Our Better Angels: Resources for the 10th Anniversary Commemoration of 9/11
JTS Website Features Material from Landmark Events
FOR IMMEDIATE RELEASE
Press Contact: Eve Glasberg
Office: (212) 678-8089
July 26, 2011, New York, NY
In May and June 2011, The Jewish Theological Seminary (JTS) and Union Theological Seminary (UTS) cosponsored three evenings of interreligious discussion and music at St. Paul’s Chapel (adjacent to Ground Zero) in New York City. The series explored, through texts, talks, and live musical performances, Jewish, Christian, and Muslim traditions on tragedy, mourning, and healing in commemoration of the 10th anniversary of 9/11. Featured throughout the three evenings were theologians Reverend Dr. Serene Jones, president of the Faculty and Roosevelt Professor of Systematic Theology at UTS; Dr. Ingrid Mattson, immediate past-president of the Islamic Society of North America and professor of Islam at Hartford Seminary; and Rabbi Dr. Burton L. Visotzky, Appleman Professor of Midrash and Interreligious Studies and director of the Louis Finkelstein Institute for Religious and Social Studies of JTS. The renowned musicians who performed included pianist Simone Dinnerstein, the Chiara String Quartet, harpsichordist Kenneth Cooper, and cellist Fred Zlotkin. The heralded events garnered much attention, including a review in the New York Times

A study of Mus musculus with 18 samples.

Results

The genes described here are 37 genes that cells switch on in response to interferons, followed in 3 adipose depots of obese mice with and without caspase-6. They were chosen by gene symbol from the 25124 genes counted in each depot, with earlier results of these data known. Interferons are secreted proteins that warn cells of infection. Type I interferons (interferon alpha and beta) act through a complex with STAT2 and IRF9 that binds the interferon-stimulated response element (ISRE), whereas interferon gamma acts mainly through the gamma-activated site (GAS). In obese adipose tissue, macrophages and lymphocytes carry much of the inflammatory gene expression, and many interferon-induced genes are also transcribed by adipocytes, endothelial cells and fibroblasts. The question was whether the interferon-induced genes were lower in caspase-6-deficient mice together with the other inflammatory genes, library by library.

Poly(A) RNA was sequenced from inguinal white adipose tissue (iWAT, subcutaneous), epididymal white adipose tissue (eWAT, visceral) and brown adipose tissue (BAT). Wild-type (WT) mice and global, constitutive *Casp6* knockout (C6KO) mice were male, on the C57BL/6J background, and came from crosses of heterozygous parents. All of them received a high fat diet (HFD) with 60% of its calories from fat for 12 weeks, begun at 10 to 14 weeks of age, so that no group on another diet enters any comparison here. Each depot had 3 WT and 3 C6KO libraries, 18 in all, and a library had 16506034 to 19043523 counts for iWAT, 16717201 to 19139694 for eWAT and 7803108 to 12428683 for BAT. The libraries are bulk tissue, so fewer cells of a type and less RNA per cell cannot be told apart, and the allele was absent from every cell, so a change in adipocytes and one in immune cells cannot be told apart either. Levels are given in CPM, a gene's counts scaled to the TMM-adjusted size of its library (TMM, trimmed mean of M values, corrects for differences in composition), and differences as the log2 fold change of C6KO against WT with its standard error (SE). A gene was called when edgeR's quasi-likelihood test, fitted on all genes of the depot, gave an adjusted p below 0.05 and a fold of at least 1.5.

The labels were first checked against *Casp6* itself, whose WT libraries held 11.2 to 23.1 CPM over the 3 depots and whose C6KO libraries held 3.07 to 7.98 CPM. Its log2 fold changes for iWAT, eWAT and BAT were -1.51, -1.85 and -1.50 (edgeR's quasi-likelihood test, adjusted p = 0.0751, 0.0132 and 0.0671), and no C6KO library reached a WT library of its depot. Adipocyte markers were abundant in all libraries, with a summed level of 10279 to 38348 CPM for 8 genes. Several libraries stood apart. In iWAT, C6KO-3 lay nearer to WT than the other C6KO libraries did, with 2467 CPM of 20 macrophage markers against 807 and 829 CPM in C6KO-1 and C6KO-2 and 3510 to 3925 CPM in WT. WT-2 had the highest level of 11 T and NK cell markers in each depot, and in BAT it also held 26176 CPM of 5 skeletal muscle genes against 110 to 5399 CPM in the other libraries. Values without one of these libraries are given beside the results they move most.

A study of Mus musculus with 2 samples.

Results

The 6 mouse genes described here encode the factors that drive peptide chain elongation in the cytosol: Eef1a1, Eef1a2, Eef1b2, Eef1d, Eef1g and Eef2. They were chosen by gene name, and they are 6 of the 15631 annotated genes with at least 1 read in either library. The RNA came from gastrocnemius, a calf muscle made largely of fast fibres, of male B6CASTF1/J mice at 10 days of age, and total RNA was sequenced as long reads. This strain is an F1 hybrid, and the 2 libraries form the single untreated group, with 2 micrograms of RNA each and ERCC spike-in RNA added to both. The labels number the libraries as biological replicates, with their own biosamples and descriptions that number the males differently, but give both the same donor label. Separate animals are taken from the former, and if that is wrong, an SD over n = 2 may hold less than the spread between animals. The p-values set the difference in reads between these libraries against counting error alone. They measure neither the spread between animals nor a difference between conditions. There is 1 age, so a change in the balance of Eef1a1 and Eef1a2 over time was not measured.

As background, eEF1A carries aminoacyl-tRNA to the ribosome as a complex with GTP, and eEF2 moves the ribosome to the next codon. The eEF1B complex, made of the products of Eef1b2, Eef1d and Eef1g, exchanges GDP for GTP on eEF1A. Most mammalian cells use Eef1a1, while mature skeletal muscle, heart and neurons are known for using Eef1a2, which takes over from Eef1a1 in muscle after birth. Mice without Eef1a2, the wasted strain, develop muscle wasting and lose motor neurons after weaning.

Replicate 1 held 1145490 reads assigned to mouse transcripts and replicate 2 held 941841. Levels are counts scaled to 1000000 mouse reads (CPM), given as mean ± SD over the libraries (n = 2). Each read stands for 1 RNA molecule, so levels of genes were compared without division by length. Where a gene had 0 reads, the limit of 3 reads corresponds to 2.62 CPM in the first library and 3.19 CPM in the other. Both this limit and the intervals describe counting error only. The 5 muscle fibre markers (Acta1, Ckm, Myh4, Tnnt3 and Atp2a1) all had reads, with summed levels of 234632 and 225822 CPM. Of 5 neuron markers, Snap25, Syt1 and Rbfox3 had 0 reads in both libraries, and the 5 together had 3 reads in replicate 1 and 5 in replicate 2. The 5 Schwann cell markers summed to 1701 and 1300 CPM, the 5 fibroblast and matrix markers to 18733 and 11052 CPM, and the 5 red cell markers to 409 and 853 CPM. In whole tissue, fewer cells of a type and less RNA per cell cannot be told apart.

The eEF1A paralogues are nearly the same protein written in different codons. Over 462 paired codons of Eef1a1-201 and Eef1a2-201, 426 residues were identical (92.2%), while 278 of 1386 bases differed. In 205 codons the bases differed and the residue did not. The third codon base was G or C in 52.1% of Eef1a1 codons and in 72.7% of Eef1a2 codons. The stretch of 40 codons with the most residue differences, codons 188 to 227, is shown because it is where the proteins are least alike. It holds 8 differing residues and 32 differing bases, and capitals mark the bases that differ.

JTS has now made the invaluable wisdom imparted during the three Our Better Angels sessions available on its website
. A singular resource for congregations, communities, and individuals seeking meaningful ways to commemorate and cope with the 10th anniversary of 9/11, www.jtsa.edu/OurBetterAngels
presents texts and traditions from each of the Abrahamic religions (Judaism, Christianity, and Islam). All three engage one another in a conversation on the meaning of the tragedy and how we may move through mourning toward recovery.
“The Our Better Angels experience
makes clear that the only way forward for us as a nation is with Jews, Christians, and Muslims walking together. And when the conversation among theologians confronts the limitations of interreligious dialogue, music expresses the ineffable and brings us on the path to joy and healing,” says Our Better Angels codirector, Rabbi Dr. Visotzky.